Scorpions are the bane of many landscapes and households around the world. They live in harsh terrains and have evolved to effectively defend themselves from predators and unsuspecting humans. Scorpions are considered some of the most dangerous arachnids. They may be small, but if you spot these creepy crawlies, don't underestimate them.
The Mottled scorpion, Mesobuthus eupeus, is one of the smaller members of the venomous Buthidae family. This yellowish arachnid reaches an average length of 2 inches, with the females outsizing the males. While the stings are painful, causing inflammation at the puncture site and possible neurotoxic effects, their venom contains peptides that are interesting to researchers. One set of peptides kills pathogenic germs, while another set is a candidate for use in antimalarial drugs.
The Durango bark scorpion, Centruroides suffussus, is a menace, especially during the hot season. They readily infest private and public spaces, such as schools, which places them near children, who are most vulnerable to their venom. Despite the obvious danger, some people keep them as pets, and they adorn the bottom of some liquor bottles.
Native to southern Africa, the black thick-tailed scorpion, Parabuthus transvaalicus, is a spitter. It grows to between 4 and 5 inches and uses kurtoxin venom, which triggers seizures and cardiac episodes in victims. The scorpion has two types of venom. The first is a clear pre-venom that it uses as a warning shot. If that doesn't work, it attacks with its full toxin, which can be fatal. The black thick-tailed scorpion has spitting range of up to three feet.
Growing to between 2.5 and 3.5 inches, the yellow fat tail scorpion, Androctonus australus, is one of the toughest scorpions around. It is native to northern Africa and is dark brown or black with bright yellow appendages. This part of the world is prone to skin-stripping sandstorms. A. australus' tough exoskeleton allows it to withstand exposure to these storms without damage. Its neurotoxic venom has a treatment window of seven hours before initial paralysis turns into respiratory failure.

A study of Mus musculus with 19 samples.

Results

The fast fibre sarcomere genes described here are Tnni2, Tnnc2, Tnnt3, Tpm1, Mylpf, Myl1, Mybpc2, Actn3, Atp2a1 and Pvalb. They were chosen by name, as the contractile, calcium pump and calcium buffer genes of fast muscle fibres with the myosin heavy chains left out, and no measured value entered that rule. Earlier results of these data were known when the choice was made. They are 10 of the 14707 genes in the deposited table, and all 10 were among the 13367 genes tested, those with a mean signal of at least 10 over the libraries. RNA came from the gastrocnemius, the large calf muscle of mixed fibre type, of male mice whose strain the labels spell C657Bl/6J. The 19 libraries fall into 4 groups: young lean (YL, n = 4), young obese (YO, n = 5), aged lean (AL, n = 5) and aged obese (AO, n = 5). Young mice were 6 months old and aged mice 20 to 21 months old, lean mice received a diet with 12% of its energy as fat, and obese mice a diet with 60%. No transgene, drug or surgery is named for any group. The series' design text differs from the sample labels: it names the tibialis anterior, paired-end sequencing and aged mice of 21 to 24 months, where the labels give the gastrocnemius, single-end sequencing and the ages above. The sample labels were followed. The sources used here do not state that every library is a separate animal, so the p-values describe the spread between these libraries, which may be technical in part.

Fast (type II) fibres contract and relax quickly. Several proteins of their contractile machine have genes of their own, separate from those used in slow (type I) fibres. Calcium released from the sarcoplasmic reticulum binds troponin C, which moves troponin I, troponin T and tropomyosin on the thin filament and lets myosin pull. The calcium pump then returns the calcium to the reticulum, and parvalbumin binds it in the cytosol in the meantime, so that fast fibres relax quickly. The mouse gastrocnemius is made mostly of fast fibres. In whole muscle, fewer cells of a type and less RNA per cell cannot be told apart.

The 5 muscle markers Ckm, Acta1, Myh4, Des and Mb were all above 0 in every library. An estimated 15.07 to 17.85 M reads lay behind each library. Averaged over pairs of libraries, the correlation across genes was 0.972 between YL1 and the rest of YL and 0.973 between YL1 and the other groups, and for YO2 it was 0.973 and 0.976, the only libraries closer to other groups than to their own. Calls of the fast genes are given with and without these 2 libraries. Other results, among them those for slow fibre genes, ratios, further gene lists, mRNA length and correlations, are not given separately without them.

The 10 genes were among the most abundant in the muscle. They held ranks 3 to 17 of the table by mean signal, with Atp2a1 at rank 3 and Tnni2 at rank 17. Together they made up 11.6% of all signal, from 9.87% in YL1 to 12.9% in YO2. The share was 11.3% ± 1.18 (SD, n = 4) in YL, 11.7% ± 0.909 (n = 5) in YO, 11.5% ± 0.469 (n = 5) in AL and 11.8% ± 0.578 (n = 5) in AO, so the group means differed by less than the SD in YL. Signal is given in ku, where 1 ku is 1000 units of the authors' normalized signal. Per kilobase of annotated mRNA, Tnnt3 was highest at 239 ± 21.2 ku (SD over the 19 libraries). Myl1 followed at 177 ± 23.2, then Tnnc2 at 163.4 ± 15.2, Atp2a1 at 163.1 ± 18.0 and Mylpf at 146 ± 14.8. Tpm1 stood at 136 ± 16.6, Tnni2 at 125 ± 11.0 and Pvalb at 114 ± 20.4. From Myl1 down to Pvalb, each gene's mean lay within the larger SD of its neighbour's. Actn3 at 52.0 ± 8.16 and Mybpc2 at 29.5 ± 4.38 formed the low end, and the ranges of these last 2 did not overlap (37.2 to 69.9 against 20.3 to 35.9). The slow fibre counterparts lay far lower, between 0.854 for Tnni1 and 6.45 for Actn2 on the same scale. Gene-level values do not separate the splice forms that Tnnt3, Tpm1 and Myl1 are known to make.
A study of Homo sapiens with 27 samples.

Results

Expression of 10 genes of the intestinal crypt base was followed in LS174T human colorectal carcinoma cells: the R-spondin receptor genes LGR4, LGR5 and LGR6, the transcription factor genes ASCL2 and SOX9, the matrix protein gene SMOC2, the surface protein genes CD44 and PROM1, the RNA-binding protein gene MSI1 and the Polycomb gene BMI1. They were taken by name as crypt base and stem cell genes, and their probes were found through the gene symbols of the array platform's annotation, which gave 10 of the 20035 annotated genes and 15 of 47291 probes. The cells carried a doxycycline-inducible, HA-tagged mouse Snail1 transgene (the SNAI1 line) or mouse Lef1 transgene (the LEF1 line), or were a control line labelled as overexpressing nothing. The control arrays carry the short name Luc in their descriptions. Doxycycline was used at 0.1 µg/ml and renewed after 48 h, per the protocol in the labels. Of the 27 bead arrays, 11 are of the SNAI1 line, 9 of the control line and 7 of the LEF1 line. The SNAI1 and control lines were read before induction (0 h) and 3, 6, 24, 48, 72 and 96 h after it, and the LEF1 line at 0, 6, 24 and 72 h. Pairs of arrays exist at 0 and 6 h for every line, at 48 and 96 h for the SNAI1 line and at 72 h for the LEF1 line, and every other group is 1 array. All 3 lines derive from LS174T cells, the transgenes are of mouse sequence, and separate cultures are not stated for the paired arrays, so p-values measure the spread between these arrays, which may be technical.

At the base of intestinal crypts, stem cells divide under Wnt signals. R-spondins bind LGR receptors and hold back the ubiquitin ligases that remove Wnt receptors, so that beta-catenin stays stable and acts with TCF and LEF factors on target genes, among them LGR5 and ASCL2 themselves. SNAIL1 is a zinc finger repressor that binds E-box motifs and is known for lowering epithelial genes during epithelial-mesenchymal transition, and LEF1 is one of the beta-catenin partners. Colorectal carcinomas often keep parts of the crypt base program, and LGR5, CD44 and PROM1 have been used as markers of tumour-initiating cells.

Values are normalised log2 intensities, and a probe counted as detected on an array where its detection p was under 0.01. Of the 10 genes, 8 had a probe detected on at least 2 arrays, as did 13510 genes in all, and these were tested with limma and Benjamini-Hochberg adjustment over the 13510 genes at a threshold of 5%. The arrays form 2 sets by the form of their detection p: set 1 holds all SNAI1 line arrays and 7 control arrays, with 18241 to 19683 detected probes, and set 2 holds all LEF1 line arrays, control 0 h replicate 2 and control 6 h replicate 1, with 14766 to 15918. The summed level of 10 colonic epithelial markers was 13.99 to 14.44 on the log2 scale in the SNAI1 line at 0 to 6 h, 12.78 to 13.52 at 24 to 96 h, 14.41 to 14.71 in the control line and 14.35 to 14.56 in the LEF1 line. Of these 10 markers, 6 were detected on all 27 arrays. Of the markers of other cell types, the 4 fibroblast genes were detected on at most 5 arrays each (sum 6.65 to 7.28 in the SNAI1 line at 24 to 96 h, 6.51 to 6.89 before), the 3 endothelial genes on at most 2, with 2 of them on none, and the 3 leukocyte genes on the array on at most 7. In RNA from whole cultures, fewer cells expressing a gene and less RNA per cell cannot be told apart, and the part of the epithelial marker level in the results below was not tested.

Endemic to southwestern U.S. and northern Mexico, the Arizona bark scorpion, Centruroides sculpturatus, is barely bigger than a quarter and packs a mean punch. Its average size is 3 inches, and females give birth to 20 or 30 live babies at a time. These scorpions are particularly dangerous because they can poise upside-down. Unsuspecting humans can stick their hands under a piece of furniture or into a drawer and get stung from above. Pain starts within three days, but death is rare.
Found mostly in northern Africa and the Middle East, the Arabian fat-tailed scorpion, Androctonus crassicauda, is a wartime hazard. Its colors range from light brown to blackish brown, and it loves old, neglected buildings. These qualities make it a common problem for soldiers stationed in the region. Its venom is so potent that even at low doses, it causes severe pain. Fortunately, the antivenom has been around since 1942.
Measuring between 2 and 3 inches long, the Brazilian yellow scorpion, Tityus serrulatus, is one of the most dangerous arachnids in South America. The barb of this yellow-legged bug is responsible for killing approximately 1 to 2 percent of the region's more vulnerable citizens annually — more than half a million Brazillians have died from this scorption since the turn of the last century.
Zoologically known as Leiurus quinquestriatus, the deathstalker scorpion has a strike rate of almost 3 mph. Measuring between 3.5 and 4.5 inches, this deadly arachnid is found in the dry deserts of Northern Africa and the Middle East. Its pedipalps are weak, so it learned to move quickly when capturing prey. Deathstalker venom is extremely powerful. Just a small dose causes heart and respiratory failure in an adult human.
The Indian red scorpion, Hotentotta tamulus, is arguably the deadliest scorpion in the world. Endemic to India, H. tamulus gets its name from the bright color of its stinger bulb; its overall coloration can be reddish-orange or fluorescent green with blue or brown. While many scorpions reproduce asexually, the Indian red scorpion goes through an elaborate mating ritual, and afterward, the female may eat the male. Unfortunately, antivenom does not have an effect, which is partly why the fatality rate for this species is as high as 40 percent.
All scorpions are venomous — that is how they take down prey — but that doesn't mean they are all dangerous to humans. First of all, the larger the scorpion, the less likely it is to be dangerous. Bigger species often pinch with their pedipalps or pincers, rather than using their stingers. It is the small scorpions that are more likely to be toxic, especially if they have noticeably large, thick tails and small pincers.